Audubon North Carolina has 10 amazing chapters across the state who help put a local focus on bird preservation and conservation issues. In this special blog series, we’ll focus on a chapter each month to learn more about their history, what they are working on, and to increase the statewide understanding of special ecosystems and habitats. Each month will include a series of posts about each chapter including a post from our biologists that will share a unique research project that is happening in the chapter’s geographic footprint.
This month, we get to know the Audubon Society of Forsyth County www.forsythaudubon.org/. Read on to learn more about our chapter serving Winston-Salem.
Recently, five members of Forsyth Audubon, Katherine Thornington, Shelley Rutkin, Kitty Jensen, Phil Dickinson and Jeremy Reiskind, set off on an adventure to follow the Atlantic Flyway south to Belize. As part of our two-year Wood Thrush project, we thought, perhaps our Wood Thrushes were wintering in Belize, so we went to find out!
During the trip, we had two goals in mind: work with the Belize Audubon team to set up accounts and enter observational data on eBird, and to assist and advise them in making their national parks and sanctuaries even more bird-friendly. In return we got their expertise on the best birding sites of Belize.
Usually, this time of year, the diminished wetlands would have concentrated many water birds. Belize’s expected "dry season" was still quite wet when we arrived, so our first intended destination, Crooked Tree Wildlife Sanctuary, was flooded out. Instead, we stayed closer to Belize City and had our introduction to its birds on a cruise down the swiftly flowing Belize River, followed by a visit to the Community Baboon Sanctuary nearby.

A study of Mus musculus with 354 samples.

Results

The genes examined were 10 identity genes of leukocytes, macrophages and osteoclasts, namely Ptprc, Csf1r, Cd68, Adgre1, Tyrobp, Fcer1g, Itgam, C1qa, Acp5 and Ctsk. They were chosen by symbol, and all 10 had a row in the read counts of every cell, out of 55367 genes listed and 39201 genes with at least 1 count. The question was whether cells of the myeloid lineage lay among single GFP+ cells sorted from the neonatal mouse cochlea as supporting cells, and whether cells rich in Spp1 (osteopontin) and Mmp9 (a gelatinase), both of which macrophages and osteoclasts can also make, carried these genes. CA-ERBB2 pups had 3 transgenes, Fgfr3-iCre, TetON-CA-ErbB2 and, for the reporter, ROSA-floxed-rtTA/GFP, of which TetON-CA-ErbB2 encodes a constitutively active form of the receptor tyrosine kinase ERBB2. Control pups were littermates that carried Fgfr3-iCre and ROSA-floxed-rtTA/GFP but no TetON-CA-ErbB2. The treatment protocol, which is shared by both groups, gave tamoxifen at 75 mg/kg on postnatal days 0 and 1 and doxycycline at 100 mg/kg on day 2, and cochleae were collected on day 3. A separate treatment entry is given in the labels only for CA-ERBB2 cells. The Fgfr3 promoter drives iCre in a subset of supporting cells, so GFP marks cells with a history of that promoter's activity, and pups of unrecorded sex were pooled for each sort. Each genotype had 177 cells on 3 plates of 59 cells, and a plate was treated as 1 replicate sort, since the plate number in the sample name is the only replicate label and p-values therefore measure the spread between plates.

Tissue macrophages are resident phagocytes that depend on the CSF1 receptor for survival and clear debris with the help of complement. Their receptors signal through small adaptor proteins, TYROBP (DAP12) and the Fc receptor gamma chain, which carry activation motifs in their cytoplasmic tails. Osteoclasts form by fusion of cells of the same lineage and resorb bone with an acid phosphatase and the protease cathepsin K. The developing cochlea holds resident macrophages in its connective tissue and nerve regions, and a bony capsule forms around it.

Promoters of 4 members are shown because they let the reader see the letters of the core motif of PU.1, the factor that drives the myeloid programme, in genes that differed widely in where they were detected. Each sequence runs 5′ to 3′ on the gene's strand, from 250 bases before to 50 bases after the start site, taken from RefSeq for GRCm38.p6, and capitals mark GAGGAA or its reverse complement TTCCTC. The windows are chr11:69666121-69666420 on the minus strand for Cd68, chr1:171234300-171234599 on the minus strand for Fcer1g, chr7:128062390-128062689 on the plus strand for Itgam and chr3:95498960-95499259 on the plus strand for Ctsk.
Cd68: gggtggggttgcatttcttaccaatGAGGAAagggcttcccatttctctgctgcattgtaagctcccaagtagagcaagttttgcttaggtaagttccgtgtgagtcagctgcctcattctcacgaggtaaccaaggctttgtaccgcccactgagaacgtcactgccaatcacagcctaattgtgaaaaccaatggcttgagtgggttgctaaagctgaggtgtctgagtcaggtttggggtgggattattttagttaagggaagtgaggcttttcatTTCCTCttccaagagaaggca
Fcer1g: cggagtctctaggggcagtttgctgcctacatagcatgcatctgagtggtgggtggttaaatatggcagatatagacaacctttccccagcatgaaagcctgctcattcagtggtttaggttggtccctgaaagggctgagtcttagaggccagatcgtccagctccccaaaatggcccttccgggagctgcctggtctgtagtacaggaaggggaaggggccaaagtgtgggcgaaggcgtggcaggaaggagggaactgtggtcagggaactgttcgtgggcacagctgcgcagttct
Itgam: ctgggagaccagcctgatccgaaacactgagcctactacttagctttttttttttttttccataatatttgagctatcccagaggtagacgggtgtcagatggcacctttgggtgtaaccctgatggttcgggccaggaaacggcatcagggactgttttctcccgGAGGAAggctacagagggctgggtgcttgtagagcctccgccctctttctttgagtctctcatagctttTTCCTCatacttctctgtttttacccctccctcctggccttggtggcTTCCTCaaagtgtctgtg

On Monday, our group was joined by Lee Jones, author of The Birds of Belize, who was passing through on his way to California! We accompanied the Belize Audubon team on a bird survey of the Burdon Canal, a waterway close to Belize City. After some fine birding and lunch, we gathered at the headquarters in Belize City and began the first of three eBird training sessions for park wardens and personnel.
Later we had the opportunity to stop by the Basin Wildlife Sanctuary as well as visit the small rural community of Red Bank, which is the only place to see the magnificent Scarlet Macaws in Belize while they search for seasonally available food. This location is expected to serve as an ecotourism draw in the future.
Finally, what is a trip to Belize without some sightseeing? We headed for Mayflower-Bocawina National Park where we saw unexcavated Mayan ruins, wonderful waterfalls and, of course, more Belizean birds!
Throughout this journey, we saw many Wood Thrushes. Were they "ours” making the long journey from North Carolina as we had done? Perhaps we will find out in the future. We connected with many of our spring migrants including some Magnolia Warblers, American Redstarts and Summer Tanagers. After this trip, our team has a better understanding of how our birds are shared between North Carolina and the lands further south and have connected with the marvelous people of Belize Audubon– protectors of our birds.
The trip was arranged with Matt Jeffery of National Audubon's International Alliances Program, based in Washington, D.C. Matt joined us on the first part of our visit, and as a result, we met some wonderful and dedicated people. It was definitely a win-win proposition if there ever was one!
To enjoy more about our trip and the beautiful birds we saw, read our series on the Forsyth Audubon blog.